The Education Reform debate continued the week before last, seeing minor movement from the Senate and a response from the House, but nothing since Thursday, April 18.

A quick recap: The House passed House File 215 on Feb. 20, sending it to the Senate. The bill sat idle in the Senate until April 2, when it passed out of committee and off the Senate Floor on April 3. It was sent to conference committee the next day, 43 days after it passed the House.

The House offered a compromise two weeks ago, coming up to the Senate’s allowable growth number offering 2 percent, plus a 2 percent one-time payment in FY14 and 4 percent in FY15. In return, the House asked the Senate to accept the House’s policy language, language which had the support of 45 groups interested in education, including nearly every major education association.

The Senate spent a week bashing the House proposal before finally offering a counter proposal last Thursday. It accepted the House’s idea on allowable growth, but required the House to make a $30 million a year block grant permanent and accept all of the Senate’s language on the leadership ladder plan, throwing overboard every home school and private school provision.

The House offered a response within hours, agreeing to a two-year extension of the block grant (to line up with the two-year budgeting cycle) and insisting on the House’s ladder program and the other provisions in House File 215. There has been no response from the Senate on that proposal.

The House has moved to the Senate’s numbers on allowable growth and has agreed to continue funding the block grant program. The Senate has yet to give ground on any policy issues. House Republicans have made good faith proposals showing we are willing to work and meet on some issues.

What should not be compromised, however, is sticking to the House’s leadership pathway plan, a plan that was given to the legislature by a Task Force that the legislature put together last year to study the issue. It’s a plan that is in place effectively in other parts of the country, a plan that the federal government has issued grants to further implement around the country, and a plan that was put together by a broad coalition of education stakeholders over the summer last year.

Additionally, the House should not compromise on including home school and private school families and students in education reform. They have asked for reasonable efforts to be a part of this reform initiative and the House has responded accordingly.

And finally, what cannot be compromised is investing over $400 million new dollars into Iowa’s education system without ensuring accountability and results. House File 215 provides those.

Senate Surpasses Their Own Budget Targets

In February, House Republicans and Senate Democrats each released their budget targets. At that time, Senate Democrats proposed spending $6.9 billion in Fiscal Year 2014 ($487 million more than House Republicans). The Senate proposal spends $1.05 for every dollar of state revenue.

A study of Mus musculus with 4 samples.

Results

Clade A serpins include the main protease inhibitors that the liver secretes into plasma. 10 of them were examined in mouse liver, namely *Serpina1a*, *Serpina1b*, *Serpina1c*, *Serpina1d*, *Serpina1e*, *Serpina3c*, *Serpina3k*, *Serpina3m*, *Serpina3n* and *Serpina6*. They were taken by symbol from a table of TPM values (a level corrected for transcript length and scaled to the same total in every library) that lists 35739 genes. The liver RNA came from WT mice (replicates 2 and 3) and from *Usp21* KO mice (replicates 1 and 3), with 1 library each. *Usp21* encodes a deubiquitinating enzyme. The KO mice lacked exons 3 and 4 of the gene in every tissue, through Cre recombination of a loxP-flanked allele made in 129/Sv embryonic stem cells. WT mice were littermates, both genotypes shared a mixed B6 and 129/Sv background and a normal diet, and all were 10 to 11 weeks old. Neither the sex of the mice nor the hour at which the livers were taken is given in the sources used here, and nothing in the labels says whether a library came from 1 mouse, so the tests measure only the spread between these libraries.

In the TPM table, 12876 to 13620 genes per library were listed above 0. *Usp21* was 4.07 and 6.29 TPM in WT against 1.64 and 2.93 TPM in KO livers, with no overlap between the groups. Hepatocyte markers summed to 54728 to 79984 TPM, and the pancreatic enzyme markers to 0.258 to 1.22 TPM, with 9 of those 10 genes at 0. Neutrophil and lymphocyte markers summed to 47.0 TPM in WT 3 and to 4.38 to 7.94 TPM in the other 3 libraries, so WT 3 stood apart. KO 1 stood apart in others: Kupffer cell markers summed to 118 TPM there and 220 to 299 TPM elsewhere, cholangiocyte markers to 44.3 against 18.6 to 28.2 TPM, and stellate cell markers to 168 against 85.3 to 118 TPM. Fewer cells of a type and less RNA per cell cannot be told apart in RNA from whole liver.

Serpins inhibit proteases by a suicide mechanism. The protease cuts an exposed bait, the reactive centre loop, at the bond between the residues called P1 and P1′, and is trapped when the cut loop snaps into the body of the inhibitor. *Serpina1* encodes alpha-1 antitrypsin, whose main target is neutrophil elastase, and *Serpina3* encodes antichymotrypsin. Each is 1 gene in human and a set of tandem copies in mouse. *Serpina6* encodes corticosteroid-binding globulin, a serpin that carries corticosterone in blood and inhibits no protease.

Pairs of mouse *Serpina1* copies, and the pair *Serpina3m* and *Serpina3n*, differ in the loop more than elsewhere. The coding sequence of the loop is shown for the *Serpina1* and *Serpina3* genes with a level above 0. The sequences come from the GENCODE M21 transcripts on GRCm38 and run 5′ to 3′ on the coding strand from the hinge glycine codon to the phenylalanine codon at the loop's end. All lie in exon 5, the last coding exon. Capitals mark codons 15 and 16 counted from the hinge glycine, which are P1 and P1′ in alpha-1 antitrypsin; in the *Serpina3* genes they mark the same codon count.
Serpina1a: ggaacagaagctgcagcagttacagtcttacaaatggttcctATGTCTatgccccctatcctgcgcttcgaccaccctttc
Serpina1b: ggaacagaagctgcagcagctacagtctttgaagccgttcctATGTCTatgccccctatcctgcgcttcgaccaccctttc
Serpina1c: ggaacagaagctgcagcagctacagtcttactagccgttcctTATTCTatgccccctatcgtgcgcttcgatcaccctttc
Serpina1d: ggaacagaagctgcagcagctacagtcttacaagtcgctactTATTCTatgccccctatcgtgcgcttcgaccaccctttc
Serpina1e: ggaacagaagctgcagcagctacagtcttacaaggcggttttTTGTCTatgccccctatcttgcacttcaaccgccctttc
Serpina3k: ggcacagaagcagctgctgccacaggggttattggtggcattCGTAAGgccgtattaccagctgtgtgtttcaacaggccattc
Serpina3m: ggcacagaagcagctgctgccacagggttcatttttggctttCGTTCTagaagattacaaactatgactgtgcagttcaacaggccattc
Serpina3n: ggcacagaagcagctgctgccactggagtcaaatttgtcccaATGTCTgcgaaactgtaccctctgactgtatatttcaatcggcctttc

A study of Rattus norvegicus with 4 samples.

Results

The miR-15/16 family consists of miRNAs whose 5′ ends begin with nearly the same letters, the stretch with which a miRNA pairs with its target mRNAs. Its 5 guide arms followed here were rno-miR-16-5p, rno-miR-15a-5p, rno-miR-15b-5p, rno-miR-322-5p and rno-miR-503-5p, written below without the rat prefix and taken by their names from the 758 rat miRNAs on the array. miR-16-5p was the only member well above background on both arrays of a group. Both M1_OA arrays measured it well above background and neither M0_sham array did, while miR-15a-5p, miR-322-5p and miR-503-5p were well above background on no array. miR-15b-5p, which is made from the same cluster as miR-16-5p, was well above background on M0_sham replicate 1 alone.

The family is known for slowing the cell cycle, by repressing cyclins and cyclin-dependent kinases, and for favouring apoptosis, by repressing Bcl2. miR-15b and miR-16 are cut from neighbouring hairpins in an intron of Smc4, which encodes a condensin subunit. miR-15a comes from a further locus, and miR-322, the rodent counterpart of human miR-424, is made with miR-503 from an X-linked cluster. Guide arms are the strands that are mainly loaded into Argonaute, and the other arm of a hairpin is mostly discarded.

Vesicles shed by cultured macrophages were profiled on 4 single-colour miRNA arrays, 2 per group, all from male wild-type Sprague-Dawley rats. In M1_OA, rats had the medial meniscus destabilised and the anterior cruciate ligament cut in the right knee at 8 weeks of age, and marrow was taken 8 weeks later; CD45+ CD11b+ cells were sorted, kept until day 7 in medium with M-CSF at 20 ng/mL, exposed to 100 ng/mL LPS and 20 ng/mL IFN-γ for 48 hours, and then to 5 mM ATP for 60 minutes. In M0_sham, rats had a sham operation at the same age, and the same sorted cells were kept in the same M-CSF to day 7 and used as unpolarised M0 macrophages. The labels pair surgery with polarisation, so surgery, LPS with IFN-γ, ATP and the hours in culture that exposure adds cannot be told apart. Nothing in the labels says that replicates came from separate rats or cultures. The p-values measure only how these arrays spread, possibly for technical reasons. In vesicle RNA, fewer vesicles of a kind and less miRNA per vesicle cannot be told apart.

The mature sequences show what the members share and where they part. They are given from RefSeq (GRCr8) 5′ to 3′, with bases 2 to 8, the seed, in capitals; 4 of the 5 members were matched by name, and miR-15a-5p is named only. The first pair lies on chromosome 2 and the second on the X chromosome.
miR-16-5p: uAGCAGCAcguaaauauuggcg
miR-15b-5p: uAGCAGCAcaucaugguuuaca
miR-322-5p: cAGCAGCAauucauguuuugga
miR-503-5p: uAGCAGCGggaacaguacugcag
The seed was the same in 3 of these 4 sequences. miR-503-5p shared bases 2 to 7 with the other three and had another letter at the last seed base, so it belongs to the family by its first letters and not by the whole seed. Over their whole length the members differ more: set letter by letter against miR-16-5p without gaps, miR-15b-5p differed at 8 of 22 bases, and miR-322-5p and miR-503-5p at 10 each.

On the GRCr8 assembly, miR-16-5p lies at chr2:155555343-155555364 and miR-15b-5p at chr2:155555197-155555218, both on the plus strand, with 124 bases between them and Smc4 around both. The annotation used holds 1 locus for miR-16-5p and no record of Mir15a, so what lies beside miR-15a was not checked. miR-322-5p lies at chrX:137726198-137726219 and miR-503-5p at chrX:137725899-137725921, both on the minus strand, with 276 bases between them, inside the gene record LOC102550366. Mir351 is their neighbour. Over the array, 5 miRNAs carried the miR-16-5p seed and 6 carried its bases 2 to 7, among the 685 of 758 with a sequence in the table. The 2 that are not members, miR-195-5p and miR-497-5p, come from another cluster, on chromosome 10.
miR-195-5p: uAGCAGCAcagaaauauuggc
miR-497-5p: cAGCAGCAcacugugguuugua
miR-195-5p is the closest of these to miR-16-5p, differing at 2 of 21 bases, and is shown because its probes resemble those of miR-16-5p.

By contrast, the House Republican budget spends 98 cents for every dollar of state revenue. The Fiscal Year 2014 proposal by House Republicans spends $6.4139 billion. This is a 3 percent increase over last year’s spending level, and it protects priority services in the areas of education, health and human services and public safety.

The Senate budget represents nearly an 11 percent increase over last year. If signed into law, state revenues would need to grow at 6.3 percent just to maintain their level spending (anything less would likely result in future cuts). Over the last 20 years, state revenues have grown at an average of 3.4 percent per year.

As budgets have been working through the legislative process over the past few weeks, it has become clear that Senate Democrats have already SURPASSED their own unsustainable budget targets.

The budgets that passed the Senate have spent nearly $47 million MORE than what their initial targets laid out. These changes have raised the amount of the Senate’s budget to an 11.6 percent increase in state General Fund spending over last year’s level, and they still have not acted on the Standings bill (this bill is usually near half the state budget).

These budgets are very similar to the budgets that former Gov. Culver implemented in FY08 and 09, which were followed by his 10 percent across-the-board cut. This is quite different from last session, when Senate Democrats made an effort to spend less than the state collects. They are capable of putting together and approving a reasonable and sustainable plan. It appears they simply have chosen to do the opposite this session.

The House Republican’s budget sticks to the principles we used to get the state’s fiscal house in order:

• Do not spend more money than the state takes in

• Do not use one-time money to pay for ongoing expenses

• Do not intentionally underfund entitlement programs to balance the state’s budget

• Return unused tax dollars to Iowa’s taxpayers

If you have any questions or concerns, please contact me. Home phone: 515-382-2352; E-mail: Dave.Deyoe@legis.iowa.gov.